ApconiX is delighted to welcome Dr Craig Thomas who joins the team of nonclinical safety experts and will be working with Dr Richard Knight. Craig has thirty-four years of drug discovery and management experience in the pharmaceutical industry. Working in both drug discovery, regulatory and investigative toxicology, Craig has steered CNS, cardiovascular and diabetic drug project teams to IND and Phase I as well as carrying out due diligence and competitive intelligence focusing on neuroscience.
Craig was born in Pennsylvania and grew up in Connecticut and from a young age wanted to be a veterinarian. After gaining a Bachelor’s degree in Animal Bioscience (pre-veterinary medicine) and subsequently a Master’s degree in Veterinary Science at Penn State University, Craig realised that he had truly found his calling in laboratory research in toxicology.
Craig moved to Michigan State University where he carried out research into “Mechanisms for the release of iron from ferritin and their relationship to lipid peroxidation and cytotoxicity” at the Department of Biochemistry and Center of Environmental Toxicology for his dual PhD programme. He then moved to Oregon State University and became a National Institute of Environmental Health Sciences (NIEHS) Postdoctoral Fellow in the laboratory of Dr Donald J Reed.
Craig then briefly worked in the chemical industry before joining the Marion Merrell Dow Research Institute in Cincinnati. It was a true research environment where senior leaders were professors or had previously worked at the National Institute of Health,. Working there for 7 years, Craig commented, “It was academia without the grant writing!”
Marion Merrell Dow Inc was acquired by Hoechst A.G in 1996 at which time Craig joined Lilly Research Laboratories and moved from discovery research to toxicology helping with the integration of discovery and toxicology initially in investigative toxicology.
Craig worked with Lilly Research Laboratories in Indianapolis for the next 26 years, with an over 2 years spell in Belgium supporting that laboratory’s shift to early-stage safety assessment and investigative toxicology.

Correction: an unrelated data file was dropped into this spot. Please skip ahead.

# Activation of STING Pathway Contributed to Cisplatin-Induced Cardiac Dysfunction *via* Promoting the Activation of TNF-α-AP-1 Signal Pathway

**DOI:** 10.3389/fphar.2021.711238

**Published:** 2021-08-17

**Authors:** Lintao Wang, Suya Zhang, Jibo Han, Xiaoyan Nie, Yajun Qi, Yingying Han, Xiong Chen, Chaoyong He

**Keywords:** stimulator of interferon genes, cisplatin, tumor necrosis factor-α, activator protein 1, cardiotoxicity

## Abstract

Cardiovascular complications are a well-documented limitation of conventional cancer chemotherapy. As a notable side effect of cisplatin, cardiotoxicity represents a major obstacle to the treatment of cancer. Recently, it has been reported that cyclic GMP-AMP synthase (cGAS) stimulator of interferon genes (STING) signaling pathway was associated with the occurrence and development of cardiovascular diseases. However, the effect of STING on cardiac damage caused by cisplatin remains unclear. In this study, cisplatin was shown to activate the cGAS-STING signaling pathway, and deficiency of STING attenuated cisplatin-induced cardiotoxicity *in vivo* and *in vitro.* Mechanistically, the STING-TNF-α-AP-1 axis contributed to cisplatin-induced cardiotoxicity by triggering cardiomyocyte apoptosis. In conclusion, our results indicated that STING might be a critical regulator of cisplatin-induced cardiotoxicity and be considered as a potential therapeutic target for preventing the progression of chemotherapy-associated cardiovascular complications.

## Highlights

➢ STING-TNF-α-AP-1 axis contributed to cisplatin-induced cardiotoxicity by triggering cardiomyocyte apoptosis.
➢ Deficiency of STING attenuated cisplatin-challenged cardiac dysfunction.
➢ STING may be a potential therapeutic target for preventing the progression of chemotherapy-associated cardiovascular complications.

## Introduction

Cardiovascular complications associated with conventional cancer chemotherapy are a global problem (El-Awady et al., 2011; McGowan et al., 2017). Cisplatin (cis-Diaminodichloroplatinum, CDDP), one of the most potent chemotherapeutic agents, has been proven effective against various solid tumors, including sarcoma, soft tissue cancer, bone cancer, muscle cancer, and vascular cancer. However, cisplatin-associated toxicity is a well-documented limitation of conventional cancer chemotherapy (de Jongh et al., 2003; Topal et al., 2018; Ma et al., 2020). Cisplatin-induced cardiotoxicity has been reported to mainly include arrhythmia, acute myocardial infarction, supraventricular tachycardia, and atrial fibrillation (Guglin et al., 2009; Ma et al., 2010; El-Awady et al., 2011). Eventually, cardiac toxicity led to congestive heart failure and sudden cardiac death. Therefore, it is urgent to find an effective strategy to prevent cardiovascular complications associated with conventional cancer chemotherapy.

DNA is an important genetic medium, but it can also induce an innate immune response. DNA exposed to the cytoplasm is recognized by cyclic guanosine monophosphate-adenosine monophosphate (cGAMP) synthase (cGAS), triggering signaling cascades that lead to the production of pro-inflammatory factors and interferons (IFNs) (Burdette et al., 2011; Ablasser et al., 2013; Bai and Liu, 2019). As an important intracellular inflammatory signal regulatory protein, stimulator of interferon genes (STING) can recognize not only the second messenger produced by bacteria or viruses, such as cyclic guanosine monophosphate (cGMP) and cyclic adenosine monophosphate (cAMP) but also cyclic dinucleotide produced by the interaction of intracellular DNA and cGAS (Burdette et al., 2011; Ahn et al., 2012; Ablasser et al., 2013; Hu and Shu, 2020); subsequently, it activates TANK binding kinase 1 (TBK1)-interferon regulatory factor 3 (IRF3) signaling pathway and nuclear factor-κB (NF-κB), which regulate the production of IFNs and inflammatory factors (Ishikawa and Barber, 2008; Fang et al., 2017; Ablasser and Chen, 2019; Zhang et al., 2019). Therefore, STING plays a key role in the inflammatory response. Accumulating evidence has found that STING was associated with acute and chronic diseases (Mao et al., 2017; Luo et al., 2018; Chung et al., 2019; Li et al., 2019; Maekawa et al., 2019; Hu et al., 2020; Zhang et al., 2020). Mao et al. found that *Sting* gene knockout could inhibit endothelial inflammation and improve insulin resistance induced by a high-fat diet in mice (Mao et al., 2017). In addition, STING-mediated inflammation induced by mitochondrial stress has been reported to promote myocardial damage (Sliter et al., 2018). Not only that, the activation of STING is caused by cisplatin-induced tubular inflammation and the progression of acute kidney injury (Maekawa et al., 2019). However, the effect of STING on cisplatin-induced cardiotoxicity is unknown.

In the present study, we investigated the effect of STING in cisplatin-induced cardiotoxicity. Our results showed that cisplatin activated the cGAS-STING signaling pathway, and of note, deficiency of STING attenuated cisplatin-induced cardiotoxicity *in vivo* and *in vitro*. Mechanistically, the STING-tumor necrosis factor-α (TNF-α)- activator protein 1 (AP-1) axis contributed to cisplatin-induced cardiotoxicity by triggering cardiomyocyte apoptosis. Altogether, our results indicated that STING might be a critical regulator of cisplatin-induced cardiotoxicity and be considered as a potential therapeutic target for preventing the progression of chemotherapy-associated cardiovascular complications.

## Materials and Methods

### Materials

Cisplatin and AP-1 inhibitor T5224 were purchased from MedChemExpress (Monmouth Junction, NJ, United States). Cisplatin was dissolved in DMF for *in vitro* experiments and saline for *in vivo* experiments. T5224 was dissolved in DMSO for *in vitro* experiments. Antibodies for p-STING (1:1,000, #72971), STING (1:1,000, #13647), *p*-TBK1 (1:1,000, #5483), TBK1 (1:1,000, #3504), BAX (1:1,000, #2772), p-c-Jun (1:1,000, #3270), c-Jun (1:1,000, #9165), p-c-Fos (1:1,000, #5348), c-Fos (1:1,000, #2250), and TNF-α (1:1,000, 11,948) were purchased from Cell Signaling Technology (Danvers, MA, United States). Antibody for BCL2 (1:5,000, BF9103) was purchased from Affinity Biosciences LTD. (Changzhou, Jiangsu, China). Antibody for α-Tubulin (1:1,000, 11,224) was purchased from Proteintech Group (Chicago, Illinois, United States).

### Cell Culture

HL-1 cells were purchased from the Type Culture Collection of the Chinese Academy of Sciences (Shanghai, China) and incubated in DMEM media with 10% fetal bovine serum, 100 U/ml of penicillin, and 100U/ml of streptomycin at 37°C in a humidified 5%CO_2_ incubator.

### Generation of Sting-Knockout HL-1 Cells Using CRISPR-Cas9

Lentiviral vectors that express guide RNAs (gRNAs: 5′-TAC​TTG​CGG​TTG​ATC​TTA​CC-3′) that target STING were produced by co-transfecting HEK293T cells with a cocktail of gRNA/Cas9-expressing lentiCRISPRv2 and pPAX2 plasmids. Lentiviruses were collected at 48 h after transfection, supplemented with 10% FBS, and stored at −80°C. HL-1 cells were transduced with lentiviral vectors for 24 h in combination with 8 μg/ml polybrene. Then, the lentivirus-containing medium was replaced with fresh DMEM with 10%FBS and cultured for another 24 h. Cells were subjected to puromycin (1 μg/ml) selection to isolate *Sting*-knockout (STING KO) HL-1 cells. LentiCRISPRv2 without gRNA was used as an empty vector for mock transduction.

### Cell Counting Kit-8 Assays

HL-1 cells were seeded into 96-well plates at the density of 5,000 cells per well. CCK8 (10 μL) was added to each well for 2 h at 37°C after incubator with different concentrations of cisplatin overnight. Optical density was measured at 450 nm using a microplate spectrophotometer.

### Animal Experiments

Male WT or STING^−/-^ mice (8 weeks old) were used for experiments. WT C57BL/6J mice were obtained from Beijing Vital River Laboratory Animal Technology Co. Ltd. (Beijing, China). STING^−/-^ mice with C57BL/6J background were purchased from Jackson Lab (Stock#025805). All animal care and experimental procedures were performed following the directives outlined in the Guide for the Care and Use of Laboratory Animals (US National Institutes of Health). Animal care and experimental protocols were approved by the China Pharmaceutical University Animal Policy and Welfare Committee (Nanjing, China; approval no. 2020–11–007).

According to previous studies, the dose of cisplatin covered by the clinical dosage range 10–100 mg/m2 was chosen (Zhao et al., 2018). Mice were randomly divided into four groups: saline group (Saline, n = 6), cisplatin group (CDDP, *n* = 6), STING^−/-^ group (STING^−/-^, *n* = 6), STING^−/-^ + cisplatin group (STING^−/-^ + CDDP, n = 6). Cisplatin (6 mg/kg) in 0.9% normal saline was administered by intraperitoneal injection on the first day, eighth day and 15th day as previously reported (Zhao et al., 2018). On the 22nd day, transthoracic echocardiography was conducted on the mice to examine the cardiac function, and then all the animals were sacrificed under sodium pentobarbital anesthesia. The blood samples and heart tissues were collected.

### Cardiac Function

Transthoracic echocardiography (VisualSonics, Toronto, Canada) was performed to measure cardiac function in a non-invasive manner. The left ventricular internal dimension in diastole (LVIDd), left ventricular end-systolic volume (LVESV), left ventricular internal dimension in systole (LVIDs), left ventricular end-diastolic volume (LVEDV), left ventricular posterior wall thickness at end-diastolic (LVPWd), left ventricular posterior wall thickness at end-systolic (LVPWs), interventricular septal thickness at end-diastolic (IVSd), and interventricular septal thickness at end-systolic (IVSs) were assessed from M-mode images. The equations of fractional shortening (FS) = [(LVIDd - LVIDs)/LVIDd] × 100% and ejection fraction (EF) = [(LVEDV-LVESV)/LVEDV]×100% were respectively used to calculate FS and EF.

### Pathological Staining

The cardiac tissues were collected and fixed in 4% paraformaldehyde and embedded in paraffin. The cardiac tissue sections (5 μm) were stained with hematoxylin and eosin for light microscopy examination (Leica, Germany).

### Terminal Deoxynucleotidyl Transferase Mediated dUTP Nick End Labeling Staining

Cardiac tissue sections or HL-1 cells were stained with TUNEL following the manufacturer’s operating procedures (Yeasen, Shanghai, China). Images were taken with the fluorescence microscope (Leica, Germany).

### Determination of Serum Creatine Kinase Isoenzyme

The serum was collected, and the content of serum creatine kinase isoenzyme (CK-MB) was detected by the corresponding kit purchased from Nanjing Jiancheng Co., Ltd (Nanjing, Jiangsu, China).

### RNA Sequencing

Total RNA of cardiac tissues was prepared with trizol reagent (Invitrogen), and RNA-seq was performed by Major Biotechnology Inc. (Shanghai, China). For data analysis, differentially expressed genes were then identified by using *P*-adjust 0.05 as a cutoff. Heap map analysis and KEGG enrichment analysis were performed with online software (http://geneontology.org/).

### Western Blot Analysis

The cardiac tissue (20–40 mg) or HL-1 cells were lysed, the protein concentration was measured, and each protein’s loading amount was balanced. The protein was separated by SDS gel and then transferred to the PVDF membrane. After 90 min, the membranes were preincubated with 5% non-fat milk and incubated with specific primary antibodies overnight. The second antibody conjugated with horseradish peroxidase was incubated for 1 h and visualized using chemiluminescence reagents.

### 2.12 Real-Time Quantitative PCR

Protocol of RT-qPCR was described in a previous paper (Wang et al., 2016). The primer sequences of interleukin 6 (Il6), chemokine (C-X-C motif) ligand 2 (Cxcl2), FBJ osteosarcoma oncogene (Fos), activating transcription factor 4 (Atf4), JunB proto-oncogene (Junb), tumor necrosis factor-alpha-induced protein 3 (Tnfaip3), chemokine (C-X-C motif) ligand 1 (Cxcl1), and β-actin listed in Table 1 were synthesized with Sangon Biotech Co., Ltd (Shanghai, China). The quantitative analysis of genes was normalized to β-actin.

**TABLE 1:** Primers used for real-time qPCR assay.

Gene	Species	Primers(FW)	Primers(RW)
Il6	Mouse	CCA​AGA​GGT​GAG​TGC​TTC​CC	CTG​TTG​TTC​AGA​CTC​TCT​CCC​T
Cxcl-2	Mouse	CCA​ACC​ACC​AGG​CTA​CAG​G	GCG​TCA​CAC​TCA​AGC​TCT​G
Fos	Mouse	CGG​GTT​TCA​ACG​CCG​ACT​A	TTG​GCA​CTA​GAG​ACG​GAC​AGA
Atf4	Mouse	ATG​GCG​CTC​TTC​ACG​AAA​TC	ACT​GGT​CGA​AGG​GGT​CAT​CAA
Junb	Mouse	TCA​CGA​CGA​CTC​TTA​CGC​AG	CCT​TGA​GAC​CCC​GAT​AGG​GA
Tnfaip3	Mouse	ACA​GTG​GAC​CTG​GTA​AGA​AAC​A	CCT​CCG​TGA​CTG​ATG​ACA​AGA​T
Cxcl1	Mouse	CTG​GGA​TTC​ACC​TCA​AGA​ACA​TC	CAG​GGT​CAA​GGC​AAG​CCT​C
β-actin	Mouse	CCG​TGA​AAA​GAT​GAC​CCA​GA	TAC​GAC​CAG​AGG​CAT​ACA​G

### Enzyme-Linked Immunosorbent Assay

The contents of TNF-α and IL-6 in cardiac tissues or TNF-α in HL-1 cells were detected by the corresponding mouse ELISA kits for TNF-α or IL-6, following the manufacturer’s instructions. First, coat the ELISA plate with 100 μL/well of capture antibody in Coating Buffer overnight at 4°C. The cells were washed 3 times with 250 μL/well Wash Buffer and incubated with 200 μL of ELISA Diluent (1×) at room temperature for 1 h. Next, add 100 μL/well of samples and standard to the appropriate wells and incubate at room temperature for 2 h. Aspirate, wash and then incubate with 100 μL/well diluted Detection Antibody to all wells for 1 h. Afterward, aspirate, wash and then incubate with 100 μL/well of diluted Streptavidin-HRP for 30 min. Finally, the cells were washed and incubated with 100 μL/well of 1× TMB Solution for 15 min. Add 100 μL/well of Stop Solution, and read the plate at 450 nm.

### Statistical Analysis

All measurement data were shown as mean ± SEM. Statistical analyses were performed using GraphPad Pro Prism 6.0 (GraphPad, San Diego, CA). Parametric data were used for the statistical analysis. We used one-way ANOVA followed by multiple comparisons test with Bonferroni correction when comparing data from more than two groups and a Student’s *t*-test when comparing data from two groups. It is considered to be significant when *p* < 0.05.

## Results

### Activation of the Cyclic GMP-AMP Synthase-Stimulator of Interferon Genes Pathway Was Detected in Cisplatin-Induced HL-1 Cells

Moving into management and then returning to research leading activities in toxicogenomics and metabonomics, Craig also spent time in the due diligence organisation evaluating external opportunities for technologies, molecules, and enterprises of potential interest to Lilly.
Finally leaving the laboratory, Craig joined the newly formed strategic competitive intelligence unit working with drug development teams from Discovery all the way through clinical development and commercialization. As CI gradually shifted more towards a focus on competitor strategies and R&D expenditures, Craig chose to retire and seek opportunities that continued to whet his appetite for science, particularly toxicology forming his own consultancy firm.
Working at ApconiX
Craig commented, “I love science and I love data and using both to come up with a drug that meets an unmet patient need has been a great goal to strive for. Toxicology is where you make a really significant impact. Without the appropriate risk: benefit profile there isn’t an opportunity for a drug.”
Adding, “Having known Ruth and the work done at ApconiX, I was keen to return to project toxicology and look forward to the opportunity to work with a cross-disciplinary team of internal and external experts.”
Richard commented “It will be fantastic to have someone of Craig’s extensive experience in drug discovery and development, as part of the ApconiX team. Toxicology is a team sport, and we try to work as a group as much as possible. Craig will undoubtedly bring plenty of knowledge and experience to the table”.
Interests Outside Work
Craig splits his time between Tennessee and Indiana. “Tennessee provides the great outdoors but having two grandchildren in Indianapolis draws us back. I love being outdoors, playing golf and racquet sports including Pickle Ball (a sort of cross between badminton and tennis played on a court about half the size of a tennis court) although I’m constantly being told to “dink not smash, the ball!”